At issue: Will the Rockets make a playoff push this season?
Tristan Tippet: Look at their competition
I think there are too many reasons why the Rockets won’t make the playoffs. Recently, the Rockets have played like many people thought they would.
The Rockets lack a go-to scorer, and even with their up-tempo style, they struggle to score. That’s an issue because the Rockets have more problems on defense. They can’t stop penetration, and they don’t have a defensive presence inside.
These problems explain their inconsistency during the last month and a half, and it’s shown with some bad losses. If you play inconsistently at this point in the season, with so many good teams in contention, you won’t make the playoffs.
I have little confidence in them. Nine teams (and possibly more) in the West are constructed better than the Rockets.
Their schedule isn’t all that favorable either. They play the Celtics twice, the Jazz three times, the Spurs twice and the Grizzlies twice. They also play the Raptors, Thunder, Lakers, Suns, Nuggets and Magic again.
Salomon Fuentes: No surprises here
Tristan, actually the Rockets indeed are what we thought. I see no real difference between this year’s squad and the team that played tough against the Lakers in that seven-game series last season.
Back then they played with energy and, on nights when their shots were dropping, they won. Sometimes it was ugly, as they showed in the decisive Game 7, but all in all it was a likable team that showed it could play.
The issue right now is that they’re running on fumes and don’t have enough talent to compensate.
The only way the Rockets make it is if some unlikely things occur. For starters, they need Tracy McGrady to somehow reconcile with management and come back into the fold at a high level. Another option involves general manager Daryl Morey finding a way to trade him for someone useful such as Andre Iguodala. Neither scenario seems likely.
Realistically, the Rockets need teams ahead of them to fade in the second half. San Antonio, with its age and injury issues, could collapse or Oklahoma City, with its lack of experience, might fall in the standings. If the Rockets play .500-plus basketball they have a shot, but it really depends on how other teams play.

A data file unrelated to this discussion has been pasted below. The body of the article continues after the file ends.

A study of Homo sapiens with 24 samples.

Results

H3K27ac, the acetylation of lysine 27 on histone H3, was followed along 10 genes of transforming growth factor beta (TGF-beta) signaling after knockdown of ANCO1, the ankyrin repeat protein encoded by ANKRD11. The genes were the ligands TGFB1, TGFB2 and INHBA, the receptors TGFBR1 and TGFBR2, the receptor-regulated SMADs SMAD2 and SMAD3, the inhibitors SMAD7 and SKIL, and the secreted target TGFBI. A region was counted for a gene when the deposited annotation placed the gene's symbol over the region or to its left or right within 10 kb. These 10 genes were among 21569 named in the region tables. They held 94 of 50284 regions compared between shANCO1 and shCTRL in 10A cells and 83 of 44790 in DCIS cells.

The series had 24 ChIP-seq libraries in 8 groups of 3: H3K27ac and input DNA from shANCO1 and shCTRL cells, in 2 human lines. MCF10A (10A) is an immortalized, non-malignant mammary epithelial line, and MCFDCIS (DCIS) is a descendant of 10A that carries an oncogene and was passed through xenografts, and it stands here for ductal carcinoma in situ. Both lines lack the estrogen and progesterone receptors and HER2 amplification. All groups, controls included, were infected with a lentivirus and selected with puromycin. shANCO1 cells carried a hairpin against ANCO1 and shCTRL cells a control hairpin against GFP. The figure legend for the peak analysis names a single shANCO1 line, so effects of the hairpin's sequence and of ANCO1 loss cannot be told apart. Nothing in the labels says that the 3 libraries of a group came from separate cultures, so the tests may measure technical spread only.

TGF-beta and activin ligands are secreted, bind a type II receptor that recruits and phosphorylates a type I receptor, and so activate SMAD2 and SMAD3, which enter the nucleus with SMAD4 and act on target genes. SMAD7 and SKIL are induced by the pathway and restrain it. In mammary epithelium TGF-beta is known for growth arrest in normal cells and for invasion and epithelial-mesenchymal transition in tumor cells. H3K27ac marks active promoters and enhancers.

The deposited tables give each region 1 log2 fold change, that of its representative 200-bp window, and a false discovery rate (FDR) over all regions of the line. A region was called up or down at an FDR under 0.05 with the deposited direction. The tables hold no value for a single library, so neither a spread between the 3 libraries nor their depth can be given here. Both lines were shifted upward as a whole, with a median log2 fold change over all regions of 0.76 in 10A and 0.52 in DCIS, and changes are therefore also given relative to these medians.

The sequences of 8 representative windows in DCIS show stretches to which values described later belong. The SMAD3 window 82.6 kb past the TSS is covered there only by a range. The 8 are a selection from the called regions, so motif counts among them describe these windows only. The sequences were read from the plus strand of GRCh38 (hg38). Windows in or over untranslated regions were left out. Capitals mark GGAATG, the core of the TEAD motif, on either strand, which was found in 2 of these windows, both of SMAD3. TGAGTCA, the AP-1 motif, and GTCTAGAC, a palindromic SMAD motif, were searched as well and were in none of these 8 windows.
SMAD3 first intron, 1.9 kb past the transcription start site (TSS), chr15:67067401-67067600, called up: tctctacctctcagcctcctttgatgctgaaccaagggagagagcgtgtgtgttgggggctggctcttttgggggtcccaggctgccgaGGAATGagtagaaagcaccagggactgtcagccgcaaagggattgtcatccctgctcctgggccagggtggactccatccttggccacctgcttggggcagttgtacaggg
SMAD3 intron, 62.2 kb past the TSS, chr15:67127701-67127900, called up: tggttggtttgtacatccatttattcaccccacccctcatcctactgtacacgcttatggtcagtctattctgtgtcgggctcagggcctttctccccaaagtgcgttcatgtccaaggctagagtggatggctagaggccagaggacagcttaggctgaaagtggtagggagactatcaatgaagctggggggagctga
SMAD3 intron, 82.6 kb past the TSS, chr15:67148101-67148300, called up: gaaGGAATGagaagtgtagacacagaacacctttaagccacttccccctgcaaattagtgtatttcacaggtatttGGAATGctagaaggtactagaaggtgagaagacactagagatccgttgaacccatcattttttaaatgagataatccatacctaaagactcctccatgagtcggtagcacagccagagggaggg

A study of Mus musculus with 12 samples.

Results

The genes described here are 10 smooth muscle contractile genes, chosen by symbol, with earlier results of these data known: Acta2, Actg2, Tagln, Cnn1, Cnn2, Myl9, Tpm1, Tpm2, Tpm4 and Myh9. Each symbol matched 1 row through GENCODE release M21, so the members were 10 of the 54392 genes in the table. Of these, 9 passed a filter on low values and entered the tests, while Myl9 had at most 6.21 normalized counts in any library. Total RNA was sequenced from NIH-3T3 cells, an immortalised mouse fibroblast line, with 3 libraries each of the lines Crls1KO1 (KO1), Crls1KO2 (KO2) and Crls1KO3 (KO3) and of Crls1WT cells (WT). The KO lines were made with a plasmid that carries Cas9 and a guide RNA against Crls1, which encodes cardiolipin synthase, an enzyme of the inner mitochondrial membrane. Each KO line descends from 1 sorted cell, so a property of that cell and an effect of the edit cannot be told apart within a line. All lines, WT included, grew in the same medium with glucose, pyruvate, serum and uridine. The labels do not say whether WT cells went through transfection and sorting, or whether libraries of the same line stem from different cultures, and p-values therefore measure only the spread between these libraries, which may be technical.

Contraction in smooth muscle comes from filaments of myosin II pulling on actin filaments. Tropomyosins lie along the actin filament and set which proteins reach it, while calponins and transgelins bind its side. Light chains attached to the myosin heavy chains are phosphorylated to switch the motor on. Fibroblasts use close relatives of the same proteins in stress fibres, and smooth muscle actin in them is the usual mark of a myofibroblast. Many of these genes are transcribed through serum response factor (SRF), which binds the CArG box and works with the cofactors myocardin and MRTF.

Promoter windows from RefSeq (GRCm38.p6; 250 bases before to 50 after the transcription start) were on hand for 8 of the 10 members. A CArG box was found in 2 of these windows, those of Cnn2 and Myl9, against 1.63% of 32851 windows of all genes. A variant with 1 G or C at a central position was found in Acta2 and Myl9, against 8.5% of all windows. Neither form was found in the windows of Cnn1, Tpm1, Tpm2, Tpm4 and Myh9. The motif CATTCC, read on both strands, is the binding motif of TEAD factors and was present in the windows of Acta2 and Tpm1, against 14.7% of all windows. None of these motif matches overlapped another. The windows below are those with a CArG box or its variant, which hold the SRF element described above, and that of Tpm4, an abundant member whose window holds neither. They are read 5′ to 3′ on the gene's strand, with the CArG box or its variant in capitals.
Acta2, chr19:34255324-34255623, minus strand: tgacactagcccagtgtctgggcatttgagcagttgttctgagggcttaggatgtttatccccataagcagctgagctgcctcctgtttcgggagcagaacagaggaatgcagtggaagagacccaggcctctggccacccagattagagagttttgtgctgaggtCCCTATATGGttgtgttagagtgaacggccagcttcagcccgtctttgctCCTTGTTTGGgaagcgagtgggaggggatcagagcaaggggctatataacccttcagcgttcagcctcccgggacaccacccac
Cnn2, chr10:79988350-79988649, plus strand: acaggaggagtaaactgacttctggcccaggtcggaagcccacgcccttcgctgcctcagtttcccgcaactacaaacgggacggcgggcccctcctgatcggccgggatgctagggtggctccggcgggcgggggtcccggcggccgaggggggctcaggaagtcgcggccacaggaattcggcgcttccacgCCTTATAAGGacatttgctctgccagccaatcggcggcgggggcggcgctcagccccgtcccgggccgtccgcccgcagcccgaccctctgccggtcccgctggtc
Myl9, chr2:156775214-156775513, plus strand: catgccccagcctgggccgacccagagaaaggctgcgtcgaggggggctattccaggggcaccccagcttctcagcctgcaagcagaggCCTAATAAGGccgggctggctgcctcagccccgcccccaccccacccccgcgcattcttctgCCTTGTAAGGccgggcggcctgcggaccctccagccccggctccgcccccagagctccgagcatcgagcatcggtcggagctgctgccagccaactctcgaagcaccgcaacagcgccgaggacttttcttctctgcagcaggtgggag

Ultimately, that will make or break their season.
Jason Ovalle: Have some faith, people
First, let me start with Tristan. You are correct in your observation that the Rockets lack a go-to guy. However, Aaron Brooks is having a career year, and he is the closest thing the Rockets have to a true scorer.
OK, now to Salomon. Your point that the Rockets are the same team they were last year in Game 7 of the Western Conference Semifinals is incorrect. They lack two key offensive players on the wing in Von Wafer and Ron Artest. Their current wing players cannot put up the same numbers.
Finally, there is no doubt in my mind that the Rockets will be in the playoffs. Multiple media sources say that the Rockets will make a deal with the Knicks in exchange for 2009 lottery pick Jordan Hill, Al Harrington and draft choices. This will only improve a team that is missing almost $40 million of salary, in T-Mac and Yao.
The Rockets are only three games out of the West’s final playoff spot. With this injection of talent they so desperately need, they should make the playoffs and possibly advance to the second round again.
Judge Phillipe: Still a 50-50 proposition
As much as the fan in me wants to see the Rockets miss the playoffs, I have to agree with Jason. With the teams ahead of them having such a weak hold of their current spots, the Rockets have just as good a chance to make it as any of them.
Now what they do when they get there is another matter. That’s what makes me hope they miss the playoffs altogether. I’m not too sold on them making it, though. But they still have to like their chances as it stands.
Tristan hit the nail on the head with his assessment of the Rockets’ lack of a go-to scorer. In the playoffs, when the game slows down and teams run a more half-court oriented offense, this spunky, run-and-gun approach won’t work. Teams will force the ball into the hands of guys like Shane Battier, who, for all his hustle and defense, couldn’t score 25 points if you spotted him 20.
In a more likely scenario, the Rockets’ lack of offensive firepower could be exposed before the playoffs begin. As the pressure heats up and teams get desperate, look for players such as Trevor Ariza and Battier to be relied upon more frequently.
In a directly related development, don’t be surprised if they don’t make the postseason.